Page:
Mental Health Care has always been a contentious and urgent subject in public policy; contentious because of the numerous, divergent solutions that have arisen in order to deal with the social issue, and urgent because of the sheer scope of the population affected by mental illness. In this instance, I speak of those already diagnosed with one or more mental illnesses, but the fact of the matter is that the socialization that youths undergo, as well as the traumas they may be exposed to, represent a key nexus of the policy area, as well as the focus of the RISE from Trauma Act.
The Resilience, Innovation, Support, and Expansion (RISE) From Trauma Act, introduced into the Senate by Senator Richard Durbin (D-IL), is a grant-heavy legislation which seeks to target communities where children are more likely to experience trauma, as well as to support organizations which already implement programs and policies which aid children and youths affected by trauma. With a cap of $4 million in grants, and a focus on preventing mental illness from manifesting as a result of trauma experienced in childhood or adolescence, the RISE From Trauma Act is a lofty piece of legislation that, upon its implementation, may dole out much needed resources to already established programming and social services.
There are two concerns that arise with this legislation:
(1) the narrow scope of this policy, in focusing funding upon organizations or community leaders whose programming targets children in areas where experiencing trauma has a high probability, misses the natural onset of mental illness not due to direct experience with trauma, but due to ambient environment and genetic factors. While seeking specifically to aid children who have experienced trauma is a worthy endeavor, focusing on this population specifically does not guarantee that the full breadth of a community’s mental healthcare will be addressed, neither now, nor in the future.
(2) It is often especially tricky for organizations like social services or non-profits geared toward social work to be able to address even cases of child abuse or endangerment that are apparent, and in this respect, the generous amount of grants that would be made available by this legislation may give needed aid; lack of funding and resources is often a key stressor in many social work organizations, not to mention the stress of the work itself. However, because of the difficult situation that many children experiencing trauma find themselves, it may not be enough to make grants available to any organization that qualifies; setting aside money specifically for those emergency clinics and centers which receive potentially traumatized children and youth, may be an important step as well.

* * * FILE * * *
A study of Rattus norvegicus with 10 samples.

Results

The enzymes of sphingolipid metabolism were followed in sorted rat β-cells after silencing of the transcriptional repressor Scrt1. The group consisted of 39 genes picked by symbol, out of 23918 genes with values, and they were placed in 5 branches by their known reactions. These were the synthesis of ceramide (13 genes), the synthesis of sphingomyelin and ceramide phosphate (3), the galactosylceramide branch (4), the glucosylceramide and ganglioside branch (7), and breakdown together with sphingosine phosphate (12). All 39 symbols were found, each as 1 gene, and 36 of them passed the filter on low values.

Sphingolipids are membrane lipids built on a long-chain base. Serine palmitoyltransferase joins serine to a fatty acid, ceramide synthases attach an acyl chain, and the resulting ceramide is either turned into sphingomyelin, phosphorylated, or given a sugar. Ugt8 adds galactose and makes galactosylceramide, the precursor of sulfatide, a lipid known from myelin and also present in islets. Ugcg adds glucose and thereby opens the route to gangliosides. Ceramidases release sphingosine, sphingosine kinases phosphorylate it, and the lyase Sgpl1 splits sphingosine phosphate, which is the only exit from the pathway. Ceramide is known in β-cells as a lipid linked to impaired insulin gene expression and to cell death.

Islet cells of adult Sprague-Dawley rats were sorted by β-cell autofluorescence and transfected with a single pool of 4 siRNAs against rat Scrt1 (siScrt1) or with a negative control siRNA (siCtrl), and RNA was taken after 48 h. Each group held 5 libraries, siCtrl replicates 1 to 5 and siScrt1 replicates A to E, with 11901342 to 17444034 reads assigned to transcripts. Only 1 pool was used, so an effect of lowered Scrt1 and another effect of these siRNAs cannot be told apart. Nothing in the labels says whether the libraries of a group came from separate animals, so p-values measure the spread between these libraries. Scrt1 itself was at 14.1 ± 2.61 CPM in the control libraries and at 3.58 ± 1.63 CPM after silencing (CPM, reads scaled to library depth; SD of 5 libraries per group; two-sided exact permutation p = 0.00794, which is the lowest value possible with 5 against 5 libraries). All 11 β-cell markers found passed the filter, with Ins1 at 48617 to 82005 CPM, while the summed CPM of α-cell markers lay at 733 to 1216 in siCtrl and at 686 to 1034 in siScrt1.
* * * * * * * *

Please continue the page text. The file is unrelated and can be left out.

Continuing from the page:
My first recommendation is to offer grants for organizations which take care of the mental health of children as a whole, not simply those who give priority to those children who have been “traumatized”. While on paper, helping traumatized children sounds like the more noble or pressing goal, it is often more difficult or sometimes embarrassing for traumatized children and their caretakers or guardians to recognize that a child has been traumatized, and the social cues that one might expect to receive for realizing a child has been traumatized in ones care can present a barrier to aid.
It would be a more holistic – and sometimes necessarily face-saving option – to ensure that organizations and leaders who specialize in child psychology for example, to be given access to aid as well, even if their particular program does not specifically aid children who have been identified as having been “traumatized” according to the RISE From Trauma Act definition.
My second recommendation is simple: focus a portion of the RISE From Trauma Act grant funding on emergency rooms, hospitals and clinics. Repeated instances of broken bones, bruises unaccounted for on a child’s body, selective mutism, and more can be potential signs of a traumatized child, but unfortunately – especially given the current pandemic – the triage-focused nature of emergency rooms can mean that such signs are overlooked in the attempt to fix what may only be a symptom of trauma.
Focusing a segment of the allotted funding to emergency rooms where they may, for example, appoint representatives or physicians whose primary goal is to ensure that children and adolescents are being released to healthy and secure environments, could be one way to not only make sure that the event or injury that brought a child in is not a symptom of a larger issue, but could also be a means of identifying children who do exhibit signs of trauma and directing them and their guardians to needed resources as mentioned in the RISE From Trauma Act.